Richardson, 45, dies after fall on ski slope

Natasha Richardson, a gifted and precocious heiress to acting royalty whose career highlights included the film “Patty Hearst” and a Tony-winning performance in a stage revival of “Cabaret,” died Wednesday at age 45 after suffering a head injury during a beginners’ ski lesson.

Natasha Richardson, a gifted and precocious heiress to acting royalty whose career highlights included the film “Patty Hearst” and a Tony-winning performance in a stage revival of “Cabaret,” died Wednesday at age 45 after suffering a head injury during a beginners’ ski lesson.

March 19, 2009


Alan Nierob, the Los Angeles-based publicist for Richardson’s husband Liam Neeson, confirmed her death in a written statement.

“Liam Neeson, his sons (Micheal, 13, and 12-year-old Daniel), and the entire family are shocked and devastated by the tragic death of their beloved Natasha,” the statement said. “They are profoundly grateful for the support, love and prayers of everyone, and ask for privacy during this very difficult time.”

The statement did not give details on the cause of death for Richardson, who suffered a head injury and fell on a beginner’s trail during a private ski lesson at the luxury Mont Tremblant ski resort in Quebec. Seemingly fine after the fall, about an hour later she complained that she didn’t feel well.

She was hospitalized Tuesday in Montreal and later flown to a hospital in New York, where family members had been seen coming and going.

Vanessa Redgrave, Richardson’s mother, arrived in a car with darkened windows and was taken through a garage when she arrived at the Lenox Hill Hospital on Manhattan’s Upper East Side about 5 p.m. Wednesday. An hour earlier, Richardson’s sister, Joely, arrived alone and was swarmed by the media as she entered through the back of the hospital.

It was a sudden and horrifying loss for her family and friends, for the film and theater communities, for her many fans and for both her native and adoptive countries. Descended from at least three generations of actors, Richardson was a proper Londoner who came to love the noise of New York, an elegant blonde with large, lively eyes, a bright smile and a hearty laugh.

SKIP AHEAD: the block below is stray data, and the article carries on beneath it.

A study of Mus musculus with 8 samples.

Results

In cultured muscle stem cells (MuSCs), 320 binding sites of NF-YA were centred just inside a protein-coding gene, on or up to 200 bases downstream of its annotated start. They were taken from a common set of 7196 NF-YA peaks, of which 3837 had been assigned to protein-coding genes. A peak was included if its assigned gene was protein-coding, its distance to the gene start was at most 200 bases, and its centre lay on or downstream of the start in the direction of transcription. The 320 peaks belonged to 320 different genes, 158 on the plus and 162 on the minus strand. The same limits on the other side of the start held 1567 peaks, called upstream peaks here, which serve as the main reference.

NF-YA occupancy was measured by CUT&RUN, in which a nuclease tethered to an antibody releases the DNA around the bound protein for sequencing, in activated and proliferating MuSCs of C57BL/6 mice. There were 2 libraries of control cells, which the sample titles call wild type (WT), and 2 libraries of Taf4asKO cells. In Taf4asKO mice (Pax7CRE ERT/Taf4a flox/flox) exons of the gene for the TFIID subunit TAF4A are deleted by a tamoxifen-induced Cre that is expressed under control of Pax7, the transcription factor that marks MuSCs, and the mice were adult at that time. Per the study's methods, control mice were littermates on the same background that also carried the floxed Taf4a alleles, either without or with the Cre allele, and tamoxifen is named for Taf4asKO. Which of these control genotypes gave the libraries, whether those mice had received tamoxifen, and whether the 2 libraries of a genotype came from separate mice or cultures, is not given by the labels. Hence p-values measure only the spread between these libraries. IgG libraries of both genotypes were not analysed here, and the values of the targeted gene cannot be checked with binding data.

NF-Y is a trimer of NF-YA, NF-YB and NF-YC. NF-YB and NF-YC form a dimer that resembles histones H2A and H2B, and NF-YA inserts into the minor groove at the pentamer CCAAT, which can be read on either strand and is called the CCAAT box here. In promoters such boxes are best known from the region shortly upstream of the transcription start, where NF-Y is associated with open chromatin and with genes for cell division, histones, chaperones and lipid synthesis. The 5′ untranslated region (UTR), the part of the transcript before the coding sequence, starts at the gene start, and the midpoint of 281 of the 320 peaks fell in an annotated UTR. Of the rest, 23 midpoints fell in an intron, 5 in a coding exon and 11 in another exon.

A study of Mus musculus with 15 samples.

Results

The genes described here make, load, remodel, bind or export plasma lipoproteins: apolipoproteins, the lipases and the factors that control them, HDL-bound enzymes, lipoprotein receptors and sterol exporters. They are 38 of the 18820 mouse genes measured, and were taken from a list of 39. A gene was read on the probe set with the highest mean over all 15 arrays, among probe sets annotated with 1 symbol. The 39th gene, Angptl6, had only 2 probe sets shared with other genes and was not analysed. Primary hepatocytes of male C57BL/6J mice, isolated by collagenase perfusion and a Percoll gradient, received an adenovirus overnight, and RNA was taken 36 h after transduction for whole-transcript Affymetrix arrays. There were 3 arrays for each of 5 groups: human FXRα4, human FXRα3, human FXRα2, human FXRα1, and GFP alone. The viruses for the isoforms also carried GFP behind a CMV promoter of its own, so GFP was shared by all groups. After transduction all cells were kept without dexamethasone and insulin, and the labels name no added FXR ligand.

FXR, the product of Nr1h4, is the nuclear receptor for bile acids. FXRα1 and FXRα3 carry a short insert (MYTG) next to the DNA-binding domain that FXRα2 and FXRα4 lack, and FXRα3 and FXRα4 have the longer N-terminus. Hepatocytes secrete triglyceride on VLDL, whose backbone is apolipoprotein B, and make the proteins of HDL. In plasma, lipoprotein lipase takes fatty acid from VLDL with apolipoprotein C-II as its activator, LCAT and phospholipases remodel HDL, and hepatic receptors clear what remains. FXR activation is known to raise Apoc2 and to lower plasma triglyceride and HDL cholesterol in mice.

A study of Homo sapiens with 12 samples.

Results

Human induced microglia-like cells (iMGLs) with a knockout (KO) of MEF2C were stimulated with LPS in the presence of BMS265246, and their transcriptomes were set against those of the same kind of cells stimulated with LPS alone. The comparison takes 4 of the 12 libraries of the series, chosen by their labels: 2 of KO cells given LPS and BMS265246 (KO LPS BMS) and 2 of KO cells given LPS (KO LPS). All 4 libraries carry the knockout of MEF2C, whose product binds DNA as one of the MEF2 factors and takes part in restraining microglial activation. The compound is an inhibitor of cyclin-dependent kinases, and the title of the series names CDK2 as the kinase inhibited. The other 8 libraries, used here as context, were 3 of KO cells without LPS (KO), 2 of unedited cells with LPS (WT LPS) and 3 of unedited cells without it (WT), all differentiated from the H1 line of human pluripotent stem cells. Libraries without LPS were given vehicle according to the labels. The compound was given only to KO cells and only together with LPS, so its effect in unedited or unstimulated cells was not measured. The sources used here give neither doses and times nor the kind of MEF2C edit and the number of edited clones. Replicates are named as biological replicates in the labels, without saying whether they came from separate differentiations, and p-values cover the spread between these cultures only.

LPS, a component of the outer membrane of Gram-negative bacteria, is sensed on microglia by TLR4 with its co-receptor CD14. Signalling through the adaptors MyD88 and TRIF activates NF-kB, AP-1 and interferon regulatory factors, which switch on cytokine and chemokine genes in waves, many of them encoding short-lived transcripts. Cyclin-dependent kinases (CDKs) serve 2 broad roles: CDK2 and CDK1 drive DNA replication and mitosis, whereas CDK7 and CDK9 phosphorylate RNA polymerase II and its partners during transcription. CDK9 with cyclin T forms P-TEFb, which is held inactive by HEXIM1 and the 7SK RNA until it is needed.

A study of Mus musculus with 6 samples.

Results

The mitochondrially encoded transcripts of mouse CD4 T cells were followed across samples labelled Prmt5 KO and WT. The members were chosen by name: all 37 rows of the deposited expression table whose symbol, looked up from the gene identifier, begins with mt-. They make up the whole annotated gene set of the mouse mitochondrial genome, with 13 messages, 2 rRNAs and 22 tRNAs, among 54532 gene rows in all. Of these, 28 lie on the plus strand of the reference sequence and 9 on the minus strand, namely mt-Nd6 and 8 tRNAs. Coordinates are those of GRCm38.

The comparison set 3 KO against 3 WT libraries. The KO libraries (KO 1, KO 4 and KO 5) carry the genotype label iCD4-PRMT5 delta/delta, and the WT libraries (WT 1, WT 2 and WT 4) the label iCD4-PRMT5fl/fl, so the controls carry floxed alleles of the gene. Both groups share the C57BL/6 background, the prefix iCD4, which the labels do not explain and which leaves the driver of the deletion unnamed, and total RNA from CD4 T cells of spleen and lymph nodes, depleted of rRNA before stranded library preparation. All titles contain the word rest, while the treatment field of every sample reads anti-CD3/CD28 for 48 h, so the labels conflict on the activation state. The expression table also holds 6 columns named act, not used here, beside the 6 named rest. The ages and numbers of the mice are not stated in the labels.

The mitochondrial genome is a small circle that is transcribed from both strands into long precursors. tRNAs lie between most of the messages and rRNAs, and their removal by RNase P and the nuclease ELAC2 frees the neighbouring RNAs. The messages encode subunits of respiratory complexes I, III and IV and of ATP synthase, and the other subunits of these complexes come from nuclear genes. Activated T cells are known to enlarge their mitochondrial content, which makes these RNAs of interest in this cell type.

If she never quite attained the acting heights of her Academy Award-winning mother, she still had enjoyed a long and worthy career. As an actress, Richardson was equally adept at passion and restraint, able to portray besieged women both confessional (Tennessee Williams’ Blanche DuBois) and confined (the concubine in the futuristic horror of “The Handmaid’s Tale”).

Like other family members, she divided her time between stage and screen. On Broadway, she won a Tony for her performance as Sally Bowles in a 1998 revival of “Cabaret.” She also appeared in New York in a production of Patrick Marber’s “Closer” (1999) as well as a 2005 revival of Tennessee Williams’ “A Streetcar Named Desire,” in which she played Blanche opposite John C. Reilly’s Stanley Kowalski.

She met Neeson when they made their Broadway debuts in 1993, co-starring in “Anna Christie,” Eugene O’Neill’s drama about a former prostitute and the sailor who falls in love with her.

Her most notable film roles came earlier in her career. Richardson played the title character in Paul Schrader’s “Patty Hearst,” a 1988 biopic about the kidnapped heiress for which the actress became so immersed that even between scenes she wore a blindfold, the better to identify with her real-life counterpart.

“Natasha Richardson ... has been handed a big unwritten role; she feels her way into it, and she fills it,” wrote The New Yorker’s Pauline Kael. “We feel how alone and paralyzed Patty is — she retreats into being a hidden observer.”

Richardson was directed again by Schrader in a 1990 adaptation of Ian McEwan’s “The Comfort of Strangers” and, also in 1990, starred in the screen version of Margaret Atwood’s “The Handmaid’s Tale.”

She later co-starred with Neeson in “Nell,” with Mia Farrow in “Widow’s Peak” and with a pre-teen Lindsay Lohan in a remake of “The Parent Trap.” More recent movies, none of them widely seen, included “Wild Child,” “Evening” and “Asylum.”

She was born in London in 1963, the performing gene inherited not just from her parents (Vanessa Redgrave and director Tony Richardson), but from her maternal grandparents (Michael Redgrave and Rachel Kempson), an aunt (Lynn Redgrave) and an uncle (Corin Redgrave). Her younger sister, Joely Richardson, also joined the family business.